The Turnaround Man and Harris Roberts

Case details
Video lectures

About the authors

Professor Herminia Ibarra, INSEAD, talks about The Turnaround Man A & B and Harris Roberts A & B

Herminia IbarraHow did you identify the need for the cases and how do you use them?

Both cases arose from teaching needs. In the case of Harris Roberts, I wanted a rich example to teach about career change in a business school setting. Many of the people described in my book, Working Identity: Unconventional Strategies for Reinventing Your Career (Harvard Business School Press, 2003), made more radical career changes than my eMBA and executive participants are interested in making. Harris resonates with them because he wanted to move from being a functionalist specialist (regulatory affairs) to a general manager. Which he ultimately did but not in the way he expected.

I use that case to kick off a day or half day on the process of career change. After the case, I do a lecture much like the one in the Moving Out video (view this video lecture at The case works well because Harris encountered all the difficulties people typically face as they contemplate a major career move (one's own lack of confidence and risk preferences, family situation/constraints, a mentor who is not very helpful, adult development issues, imperfect alternatives, etc.). In discussing this case, people come to clearer idea about what might be holding them back.

In the case of the Turnaround Man, I wanted a vivid example of how people use 360 feedback to make changes to their leadership style and approach as they make transitions into bigger leadership roles. Wim is a functional expert (operations manager) whose leadership skills are stretched in his new role as a board member of a company he and several others bought out. As a result of this transition, he has strategic responsibilities he is not yet prepared for, and he continues to spend most of his time managing the operational details of his two factories. He faces the same challenges I describe in the Moving Upvideo (view this video lecture at

I use this case to close a week-long leadership executive programme in which participants debrief the same 360 degree instrument that Wim did (and whose results are reported in the case). The case kicks off a session on action planning for 're-entry' in which participants do individual and small group work to come up with action commitments for what they will do immediately on their return. Wim is a great example because he had personal, interpersonal and organizational issues to deal with on his return, and these issues are very typical for people transitioning to bigger leadership roles. His experience really makes people think about the range of things they need to do to put into practice the learning from the programme, and warns them that having clear feedback about weaknesses is rarely enough - the need to actively manage the 'knowing-doing gap'.

These are field based cases, how was the contact with the featured organisation made?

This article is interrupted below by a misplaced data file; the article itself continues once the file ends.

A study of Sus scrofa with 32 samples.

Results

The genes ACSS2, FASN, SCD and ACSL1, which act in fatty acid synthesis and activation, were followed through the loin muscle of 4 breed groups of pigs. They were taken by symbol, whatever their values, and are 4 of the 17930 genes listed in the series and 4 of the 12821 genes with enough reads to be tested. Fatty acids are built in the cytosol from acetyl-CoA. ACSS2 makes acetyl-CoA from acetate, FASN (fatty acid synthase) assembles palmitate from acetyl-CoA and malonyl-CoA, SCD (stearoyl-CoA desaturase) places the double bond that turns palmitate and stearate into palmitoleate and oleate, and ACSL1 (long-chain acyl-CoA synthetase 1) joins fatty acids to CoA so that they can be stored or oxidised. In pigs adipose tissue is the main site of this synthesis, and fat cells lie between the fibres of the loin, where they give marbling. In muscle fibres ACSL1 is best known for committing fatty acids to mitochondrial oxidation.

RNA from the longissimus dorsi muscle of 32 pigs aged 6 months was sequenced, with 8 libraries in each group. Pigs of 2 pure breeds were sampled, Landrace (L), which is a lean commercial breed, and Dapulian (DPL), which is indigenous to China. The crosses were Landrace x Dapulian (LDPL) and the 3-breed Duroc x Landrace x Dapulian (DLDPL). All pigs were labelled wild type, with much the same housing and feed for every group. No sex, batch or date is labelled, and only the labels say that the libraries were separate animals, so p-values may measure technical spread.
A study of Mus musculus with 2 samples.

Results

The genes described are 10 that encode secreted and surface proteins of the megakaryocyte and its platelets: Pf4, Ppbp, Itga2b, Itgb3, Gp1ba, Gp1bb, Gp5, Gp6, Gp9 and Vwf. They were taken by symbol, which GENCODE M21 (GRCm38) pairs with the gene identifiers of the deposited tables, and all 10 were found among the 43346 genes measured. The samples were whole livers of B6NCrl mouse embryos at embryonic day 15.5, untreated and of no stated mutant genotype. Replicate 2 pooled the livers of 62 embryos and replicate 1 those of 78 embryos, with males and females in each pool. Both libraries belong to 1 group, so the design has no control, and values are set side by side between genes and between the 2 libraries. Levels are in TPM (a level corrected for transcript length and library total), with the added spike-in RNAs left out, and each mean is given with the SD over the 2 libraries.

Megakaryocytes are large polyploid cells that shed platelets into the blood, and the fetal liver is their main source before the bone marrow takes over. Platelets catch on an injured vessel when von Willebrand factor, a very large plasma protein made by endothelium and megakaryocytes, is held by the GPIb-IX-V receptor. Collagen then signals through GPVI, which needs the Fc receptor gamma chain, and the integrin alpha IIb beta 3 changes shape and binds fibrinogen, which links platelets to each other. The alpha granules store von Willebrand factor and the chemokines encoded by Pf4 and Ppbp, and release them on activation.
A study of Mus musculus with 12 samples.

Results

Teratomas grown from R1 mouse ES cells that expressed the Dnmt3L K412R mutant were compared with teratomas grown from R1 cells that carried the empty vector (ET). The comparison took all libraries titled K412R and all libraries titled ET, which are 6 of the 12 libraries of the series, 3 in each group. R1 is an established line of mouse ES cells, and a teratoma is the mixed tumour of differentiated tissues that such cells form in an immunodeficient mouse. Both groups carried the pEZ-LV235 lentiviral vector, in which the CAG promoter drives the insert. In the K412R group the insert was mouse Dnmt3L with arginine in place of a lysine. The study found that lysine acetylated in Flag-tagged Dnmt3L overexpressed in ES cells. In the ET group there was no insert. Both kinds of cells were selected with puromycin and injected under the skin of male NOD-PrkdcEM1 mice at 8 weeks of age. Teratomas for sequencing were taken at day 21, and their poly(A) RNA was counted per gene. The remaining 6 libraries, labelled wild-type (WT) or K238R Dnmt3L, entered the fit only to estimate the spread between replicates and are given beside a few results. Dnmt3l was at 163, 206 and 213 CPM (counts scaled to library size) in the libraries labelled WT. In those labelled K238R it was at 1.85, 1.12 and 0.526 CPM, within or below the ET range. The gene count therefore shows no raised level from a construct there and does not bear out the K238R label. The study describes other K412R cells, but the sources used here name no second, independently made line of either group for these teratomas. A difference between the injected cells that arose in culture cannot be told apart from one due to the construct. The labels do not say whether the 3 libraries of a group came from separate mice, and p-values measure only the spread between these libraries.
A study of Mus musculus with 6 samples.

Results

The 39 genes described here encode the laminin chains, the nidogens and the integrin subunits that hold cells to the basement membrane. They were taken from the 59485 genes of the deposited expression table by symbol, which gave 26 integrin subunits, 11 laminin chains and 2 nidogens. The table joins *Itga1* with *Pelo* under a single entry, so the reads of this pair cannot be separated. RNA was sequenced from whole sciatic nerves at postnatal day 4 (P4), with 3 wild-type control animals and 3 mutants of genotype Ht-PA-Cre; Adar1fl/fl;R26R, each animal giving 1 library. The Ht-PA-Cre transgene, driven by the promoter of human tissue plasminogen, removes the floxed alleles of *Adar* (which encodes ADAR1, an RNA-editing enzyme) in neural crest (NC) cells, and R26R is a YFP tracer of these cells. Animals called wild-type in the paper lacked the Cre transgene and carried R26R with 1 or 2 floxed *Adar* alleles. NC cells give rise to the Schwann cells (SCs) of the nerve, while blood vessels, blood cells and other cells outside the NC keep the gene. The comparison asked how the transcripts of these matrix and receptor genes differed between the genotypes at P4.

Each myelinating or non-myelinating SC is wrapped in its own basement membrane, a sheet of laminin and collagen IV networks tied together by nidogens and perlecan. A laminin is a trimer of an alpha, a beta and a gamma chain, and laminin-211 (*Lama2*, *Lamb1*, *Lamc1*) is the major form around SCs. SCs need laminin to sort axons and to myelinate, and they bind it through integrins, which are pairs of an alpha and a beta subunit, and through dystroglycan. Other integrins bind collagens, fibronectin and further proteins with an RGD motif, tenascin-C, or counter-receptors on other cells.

Wim de Boer (the Turnaround Man) was a participant in one of my executive programmes. Harris Roberts was a participant in the research project that led to my book, Working Identity. Both cases feature individuals, not organizations.

Did you encounter any difficulties when writing the cases, and how were these overcome?

No, the only difficulty I encountered is getting in touch with Wim now, to find out how the story has evolved. I have not been able to reach him.

What are the benefits of presenting the material as case series' as opposed to single cases?

Having an A & B format allows you to give only one part (part A) to the students, and ask them what they themselves would do in such a situation. When participants know what happened, they are less likely to explore different action possibilities. In this kind of format, it is important that the B case be short (approx 1 page) so that students can read it in class.

Case details

Click on the case title to view further details and, where available, an educator preview copy.

The Turnaround Man (A)
Herminia Ibarra and Mark Hunter
Ref 407-005-1
Also available:
The Turnaround Man (B)

Ref 407-006-1

Harris Roberts (A)
Herminia Ibarra
Ref 405-018-1
Also available:
Harris Roberts (B)

Ref 405-019-1 

Video lectures

Video icon Watch Professor Ibarra's video lectures, Moving Up and Moving Out, at

Contents of Moving Up

1. Introduction: how we overestimate our leadership skills 
2. The first area where change is needed: skills
3. The second area: relationships
4. The third area: style
5. Inbred networks: a common failing
6. Closing thought: shedding an old identity

Contents of Moving Out

1. Introduction: the bad news first
2. Finding a new path: action beats introspection
3. Three career change strategies
4. Strategy one: develop side projects
5. Strategy two: expand your network
6. Strategy three: work on your story
7. Closing thought: the myth of the 'one true self'

About the authors

Herminia Ibarra is Professor of Organisational Behaviour and The Cora Chaired Professor of Leadership and Learning at INSEAD, France.

Mark Hunter is an Adjunct Professor at INSEAD, France.